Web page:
Reading Comics author Douglas Wolk runs down the hottest comics and graphic novels coming out this week.

* The New Yorker
^ National Geographic
@ American Rifleman
% Family Circle
¢ AARP Bulletin

* ¢ AVENGERS #12
Brian Michael Bendis may have written himself into a corner with this Infinity Gauntlet plot–last issue’s all-splash-page format seemed like a punt, and not a particularly successful one–but now he and John Romita Jr. have to wrap it up somehow in time for the Fear Itself tie-ins. More oral history follows as the backup.

The new print incarnation of Dark Horse’s long-running anthology title launches with a pretty fantastic lineup of creators. I’m probably most jazzed about a new Carla Speed McNeil Finder story, but other contributors include Frank Miller, Neal Adams, David Chelsea, Michael T. Gilbert, and Howard Chaykin, who at his current rate of expansion will have a short piece in every comic book published in 2014.

A quasi-romantic quasi-comedy by Jason Shiga, who is probably better known for formalist entertainments like Meanwhile. This one’s not a form-pusher at all–it’s straight-up narrative, and first appeared as a very limited, self-published book a few years ago, although I think it’s been touched up for this edition. (On Midtown Comics’ list of new arrivals for this week, not the Diamond Comic Distributors list.)

It really has been almost exactly a year since #8! Fancy that. Previous Hate Annuals have been a catchall for whatever Peter Bagge’s been drawing lately, plus a short check-in with Buddy Bradley as he ages in real time; this time, the Buddy-and-Lisa story is longer than usual. There’s something I really admire about Bagge’s sticktoitiveness. (On Midtown list, not Diamond list.)

Reprinting issues #15-22 of Garth Ennis and John McCrea’s ultraviolent action-comedy series about hard-drinking assassins and occasional superheroes and demons. This volume includes my favorite joke of the entire series (yes, better than the zombie baby seals or Bueno Excellente): what Tommy Monaghan does when he finds himself needing to get in touch with Catwoman in a hurry.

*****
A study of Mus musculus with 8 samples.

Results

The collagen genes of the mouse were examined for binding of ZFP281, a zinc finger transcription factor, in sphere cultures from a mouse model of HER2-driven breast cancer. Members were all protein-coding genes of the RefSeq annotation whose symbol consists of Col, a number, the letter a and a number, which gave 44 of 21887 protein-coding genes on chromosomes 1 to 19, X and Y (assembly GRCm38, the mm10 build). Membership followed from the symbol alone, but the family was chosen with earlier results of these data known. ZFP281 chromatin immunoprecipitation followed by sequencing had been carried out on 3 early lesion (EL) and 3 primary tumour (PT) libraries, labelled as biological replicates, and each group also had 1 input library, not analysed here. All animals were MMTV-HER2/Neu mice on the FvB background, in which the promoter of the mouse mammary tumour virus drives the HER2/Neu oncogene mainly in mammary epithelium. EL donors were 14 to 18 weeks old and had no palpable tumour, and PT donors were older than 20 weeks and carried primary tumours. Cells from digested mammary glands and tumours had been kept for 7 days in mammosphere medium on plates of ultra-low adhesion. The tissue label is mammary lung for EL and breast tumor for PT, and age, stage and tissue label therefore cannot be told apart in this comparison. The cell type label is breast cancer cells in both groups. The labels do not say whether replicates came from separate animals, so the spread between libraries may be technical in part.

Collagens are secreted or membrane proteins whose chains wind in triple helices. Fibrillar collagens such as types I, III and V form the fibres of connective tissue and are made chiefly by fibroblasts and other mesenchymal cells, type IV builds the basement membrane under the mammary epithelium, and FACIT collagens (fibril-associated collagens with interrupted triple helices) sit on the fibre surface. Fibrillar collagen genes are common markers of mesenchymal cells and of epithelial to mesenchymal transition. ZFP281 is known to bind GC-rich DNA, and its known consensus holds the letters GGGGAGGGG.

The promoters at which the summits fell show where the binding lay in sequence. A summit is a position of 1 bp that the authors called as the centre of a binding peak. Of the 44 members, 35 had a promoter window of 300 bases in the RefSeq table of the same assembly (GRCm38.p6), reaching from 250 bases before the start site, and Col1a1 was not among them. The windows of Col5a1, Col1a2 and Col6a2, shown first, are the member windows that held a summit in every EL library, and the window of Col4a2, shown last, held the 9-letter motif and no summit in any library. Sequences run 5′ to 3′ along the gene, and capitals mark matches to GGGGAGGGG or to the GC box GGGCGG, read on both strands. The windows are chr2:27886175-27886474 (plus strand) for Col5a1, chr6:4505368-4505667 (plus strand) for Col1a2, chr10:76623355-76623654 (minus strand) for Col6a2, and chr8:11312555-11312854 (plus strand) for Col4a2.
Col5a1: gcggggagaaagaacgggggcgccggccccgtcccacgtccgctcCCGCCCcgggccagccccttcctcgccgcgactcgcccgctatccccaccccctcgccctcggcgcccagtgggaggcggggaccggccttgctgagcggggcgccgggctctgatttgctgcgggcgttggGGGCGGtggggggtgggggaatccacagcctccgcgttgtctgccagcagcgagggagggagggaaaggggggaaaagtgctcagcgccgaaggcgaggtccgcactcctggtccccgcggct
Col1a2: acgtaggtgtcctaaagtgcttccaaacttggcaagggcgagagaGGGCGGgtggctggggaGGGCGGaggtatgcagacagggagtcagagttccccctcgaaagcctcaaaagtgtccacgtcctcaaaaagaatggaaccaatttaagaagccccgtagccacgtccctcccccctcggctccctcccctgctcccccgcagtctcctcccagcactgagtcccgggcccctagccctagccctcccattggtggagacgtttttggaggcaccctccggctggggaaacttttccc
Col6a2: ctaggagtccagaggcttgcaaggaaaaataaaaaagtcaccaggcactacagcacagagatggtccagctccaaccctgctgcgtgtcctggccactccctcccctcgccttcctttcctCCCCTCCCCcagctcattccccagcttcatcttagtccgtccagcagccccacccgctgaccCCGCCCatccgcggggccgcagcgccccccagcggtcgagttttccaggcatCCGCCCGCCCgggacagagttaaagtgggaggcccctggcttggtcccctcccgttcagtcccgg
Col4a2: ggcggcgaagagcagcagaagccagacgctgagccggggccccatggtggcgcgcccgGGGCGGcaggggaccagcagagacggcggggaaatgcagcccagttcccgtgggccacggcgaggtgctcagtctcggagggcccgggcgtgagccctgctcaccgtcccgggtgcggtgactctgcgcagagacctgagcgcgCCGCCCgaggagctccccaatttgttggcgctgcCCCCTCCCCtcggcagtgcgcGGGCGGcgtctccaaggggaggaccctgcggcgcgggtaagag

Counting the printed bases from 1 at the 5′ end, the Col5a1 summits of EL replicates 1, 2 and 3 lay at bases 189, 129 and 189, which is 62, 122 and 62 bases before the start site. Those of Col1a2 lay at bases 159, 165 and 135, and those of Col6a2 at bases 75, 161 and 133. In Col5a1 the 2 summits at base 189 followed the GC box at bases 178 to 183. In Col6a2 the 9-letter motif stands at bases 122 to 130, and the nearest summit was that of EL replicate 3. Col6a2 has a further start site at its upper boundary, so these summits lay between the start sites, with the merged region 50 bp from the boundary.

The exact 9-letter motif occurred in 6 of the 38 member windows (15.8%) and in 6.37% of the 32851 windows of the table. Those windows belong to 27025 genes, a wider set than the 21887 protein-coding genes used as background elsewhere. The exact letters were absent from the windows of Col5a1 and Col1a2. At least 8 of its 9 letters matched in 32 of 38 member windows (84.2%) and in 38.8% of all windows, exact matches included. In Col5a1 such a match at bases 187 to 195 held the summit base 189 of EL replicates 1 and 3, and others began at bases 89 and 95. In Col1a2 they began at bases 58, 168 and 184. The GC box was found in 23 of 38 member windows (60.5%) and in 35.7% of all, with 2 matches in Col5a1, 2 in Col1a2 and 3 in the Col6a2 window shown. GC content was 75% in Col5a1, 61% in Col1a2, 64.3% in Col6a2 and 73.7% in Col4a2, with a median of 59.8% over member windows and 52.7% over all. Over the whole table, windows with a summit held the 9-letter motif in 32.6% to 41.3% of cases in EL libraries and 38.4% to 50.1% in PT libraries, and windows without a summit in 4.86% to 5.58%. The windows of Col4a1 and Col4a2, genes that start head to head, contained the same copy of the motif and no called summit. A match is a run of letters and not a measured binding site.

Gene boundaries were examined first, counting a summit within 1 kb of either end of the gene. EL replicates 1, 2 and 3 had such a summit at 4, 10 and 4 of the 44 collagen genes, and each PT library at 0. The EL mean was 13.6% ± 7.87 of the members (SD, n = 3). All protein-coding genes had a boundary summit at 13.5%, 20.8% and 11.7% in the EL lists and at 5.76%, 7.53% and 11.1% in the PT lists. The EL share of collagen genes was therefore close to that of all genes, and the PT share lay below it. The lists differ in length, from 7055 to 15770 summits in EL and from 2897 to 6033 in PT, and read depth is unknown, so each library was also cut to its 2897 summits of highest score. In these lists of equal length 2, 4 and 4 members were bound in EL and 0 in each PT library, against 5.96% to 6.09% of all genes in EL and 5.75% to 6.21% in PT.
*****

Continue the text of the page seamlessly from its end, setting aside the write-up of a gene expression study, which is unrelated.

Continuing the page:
Matt Fraction and Salvador Larocca’s Dr. Octopus serial continues and apparently segues into a Fear Itself tie-in. Fraction recently indicated that he’s no longer going to flag how many issues each storyline in Iron Man runs, just for the sake of making them a little more suspenseful; I’m not complaining.

This is the American edition: all the Dredd stories from 2000 A.D. #116-154, originally published 1979-1980. It’s a transitional phase for the series–John Wagner’s writing here is mostly one-off comedy pieces, aside from stories devoted to expanding the supporting cast. There’s some nice art in this one, though, especially a half-dozen episodes drawn by Brian Bolland, the first “Judge Death” story among them. If your interest in Dredd stuff is primarily visual, this week also sees the release of the artist-focused Judge Dredd: Mega-City Masters Vol. 3 collection, with art by Frazer Irving, Kevin O’Neill, Jock, Bryan Talbot, Jamie Hewlett, Simon Bisley, Andy Clarke, Steve Dillon, Guy Davis and Glenn Fabry. (Both are on the Midtown list, not the Diamond list.)

Another volume of Dark Horse’s vintage John Stanley reprints, this one covering #13-18.

Dan Clowes’ not-entirely-cynical-but-close romance serial from the New York Times Magazine is reformatted and expanded into a book. For a change, this one’s on the Diamond list but not the Midtown list.

The first collection of Jonathan Hickman and Dustin Weaver’s series, which posits that the history of science in the Marvel universe is one gigantic secret-society conspiracy. I still don’t entirely comprehend what’s supposed to be going on in the story, but it’s got those incredible cityscapes by Weaver in every chapter, so who cares?

A collection of odds and ends from the past year or so’s worth of Spider-Man comics; this one’s notable for including the Stan Lee/Marcos Martin serial that ran two pages at a time in Amazing Spider-Man for a few months, and gave Martin license to pull off some of his most pyrotechnical Will Eisner-inspired layouts.

The final issue of the Kathryn Immonen/Phil Noto mini that spins out of the adjectiveless-but-heavy-on-the-vampires X-Men. I’ve enjoyed this a lot, and I say that as someone who’s not in the habit of picking up X-Men spinoff miniseries.